Airline Charters Flight To Give Passengers Best View Of The Great American Eclipse

The weather and the clouds can make or break the viewing experience during "The Great American Eclipse" that will happen on Aug. 21, but a group of astronomy enthusiasts would be lucky enough to not worry about a less than ideal weather and overcast skies on that day.

Watching The Great American Eclipse On Board An Alaska Airlines Plane

As the moon covers the face of the sun and leaves only the corona glowing in the sky, the lucky passengers of a charter Alaska Airlines flight will be watching 35,000 feet (10,700 meters) above without having to worry about the crowd and other nuisances.

The plane will take off from the Portland International Airport in Oregon at 7:30 a.m. local time on eclipse day and head out over the Pacific coast to give its passengers an early view of the rare event.

The solar eclipse, the first coast-to-coast solar eclipse in the country's history since 1918, will be viewable first from above the Pacific Ocean. It will then become visible in Oregon as it follows a diagonal path across the United States to South Carolina.

"Weather is the largest variable when it comes to eclipse-viewing, and the Pacific Northwest is more prone to inclement weather and overcast skies than other parts of the country. However, Alaska Airlines is making sure eclipse chasers on the West Coast have prime viewing conditions, above much of any potential weather or cloud cover," the airlines said in a statement.

Not A Commercially-Bookable Flight

Alaska Airlines is not selling the tickets for the flight. Seats are available by invitation to select astronomers and guests. The airlines, however, decided to give away two seats in a contest that will start July 21 on the Airlines' social media channels.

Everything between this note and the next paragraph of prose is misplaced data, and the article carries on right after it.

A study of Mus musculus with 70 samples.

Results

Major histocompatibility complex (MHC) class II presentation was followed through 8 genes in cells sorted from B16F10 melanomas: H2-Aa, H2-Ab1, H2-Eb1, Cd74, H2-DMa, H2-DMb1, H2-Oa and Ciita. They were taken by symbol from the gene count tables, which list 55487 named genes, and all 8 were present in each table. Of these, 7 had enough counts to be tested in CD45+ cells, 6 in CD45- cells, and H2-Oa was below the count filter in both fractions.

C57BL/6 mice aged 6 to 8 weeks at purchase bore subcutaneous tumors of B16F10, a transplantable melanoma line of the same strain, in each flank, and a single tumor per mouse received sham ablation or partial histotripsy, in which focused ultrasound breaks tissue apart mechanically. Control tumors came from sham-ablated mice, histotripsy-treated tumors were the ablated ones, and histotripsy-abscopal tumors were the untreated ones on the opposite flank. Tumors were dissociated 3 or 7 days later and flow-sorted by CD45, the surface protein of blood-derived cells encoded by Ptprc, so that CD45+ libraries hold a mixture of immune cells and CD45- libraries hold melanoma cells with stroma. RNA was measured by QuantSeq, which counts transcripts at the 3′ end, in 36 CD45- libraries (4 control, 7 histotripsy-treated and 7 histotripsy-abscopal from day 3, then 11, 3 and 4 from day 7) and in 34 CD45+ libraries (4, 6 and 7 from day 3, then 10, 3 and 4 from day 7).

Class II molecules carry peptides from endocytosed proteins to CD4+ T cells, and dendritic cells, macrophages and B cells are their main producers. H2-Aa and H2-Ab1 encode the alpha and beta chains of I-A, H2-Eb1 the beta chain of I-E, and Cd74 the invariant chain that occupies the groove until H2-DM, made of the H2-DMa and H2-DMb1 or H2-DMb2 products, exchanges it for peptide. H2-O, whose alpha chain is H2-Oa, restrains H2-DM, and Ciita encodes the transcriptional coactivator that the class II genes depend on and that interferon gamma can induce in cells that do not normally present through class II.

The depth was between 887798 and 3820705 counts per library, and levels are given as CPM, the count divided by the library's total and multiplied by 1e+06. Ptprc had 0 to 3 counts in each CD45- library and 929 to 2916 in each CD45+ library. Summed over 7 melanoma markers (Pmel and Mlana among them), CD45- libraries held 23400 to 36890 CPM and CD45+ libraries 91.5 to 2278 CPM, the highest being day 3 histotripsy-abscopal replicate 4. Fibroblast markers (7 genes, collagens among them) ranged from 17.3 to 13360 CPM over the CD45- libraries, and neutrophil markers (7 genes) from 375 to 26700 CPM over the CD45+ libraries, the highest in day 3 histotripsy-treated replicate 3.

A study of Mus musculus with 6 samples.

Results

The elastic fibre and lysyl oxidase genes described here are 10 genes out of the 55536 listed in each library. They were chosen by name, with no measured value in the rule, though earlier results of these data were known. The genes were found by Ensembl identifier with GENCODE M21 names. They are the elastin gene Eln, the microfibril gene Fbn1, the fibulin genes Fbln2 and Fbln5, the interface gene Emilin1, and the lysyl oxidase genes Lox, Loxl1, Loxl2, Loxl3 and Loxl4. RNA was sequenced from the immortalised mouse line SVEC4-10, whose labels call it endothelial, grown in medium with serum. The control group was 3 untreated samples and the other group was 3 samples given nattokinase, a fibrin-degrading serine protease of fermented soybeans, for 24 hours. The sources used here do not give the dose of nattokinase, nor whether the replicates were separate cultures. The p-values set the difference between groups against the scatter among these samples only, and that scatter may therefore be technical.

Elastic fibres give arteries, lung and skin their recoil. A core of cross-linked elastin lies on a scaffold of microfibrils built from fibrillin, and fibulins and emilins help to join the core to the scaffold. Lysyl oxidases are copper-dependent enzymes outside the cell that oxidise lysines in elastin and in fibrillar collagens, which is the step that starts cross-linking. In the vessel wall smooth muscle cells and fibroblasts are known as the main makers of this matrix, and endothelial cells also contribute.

Alaska Airlines spokeswoman Halley Knigge said that they do not yet know how many people will board the special flight. The plane can cater 181 guests but the company wants to limit the number of available seats to provide optimal viewing experience for people on board. Knigge said that there will likely be fewer than 100 people, both passengers and crews, on the flight.

Alaska Airline's vice president of marketing Sangita Woerner acknowledged that the company is in a position that can give unique experience for astronomy buffs as this particular flight will give the passengers first and best views of the eclipse.

Watching Eclipse Above Clouds

It is not the first time that the Alaska Airlines provided its passengers the best viewing experience during an eclipse. Last year, an Alaska Airlines plane adjusted its flight path at the request of eclipse-chasers so they can have optimal views of a total solar eclipse over the Pacific Ocean.

"It's an unbelievably accommodating gesture," said Mike Kentrianakis, from the American Astronomical Society, who was onboard Alaska Airlines Flight 870 from Anchorage to Honolulu, with other astronomers. "Not only is Alaska Airlines getting people from Point A to Point B, but they're willing to give them an exciting flight experience."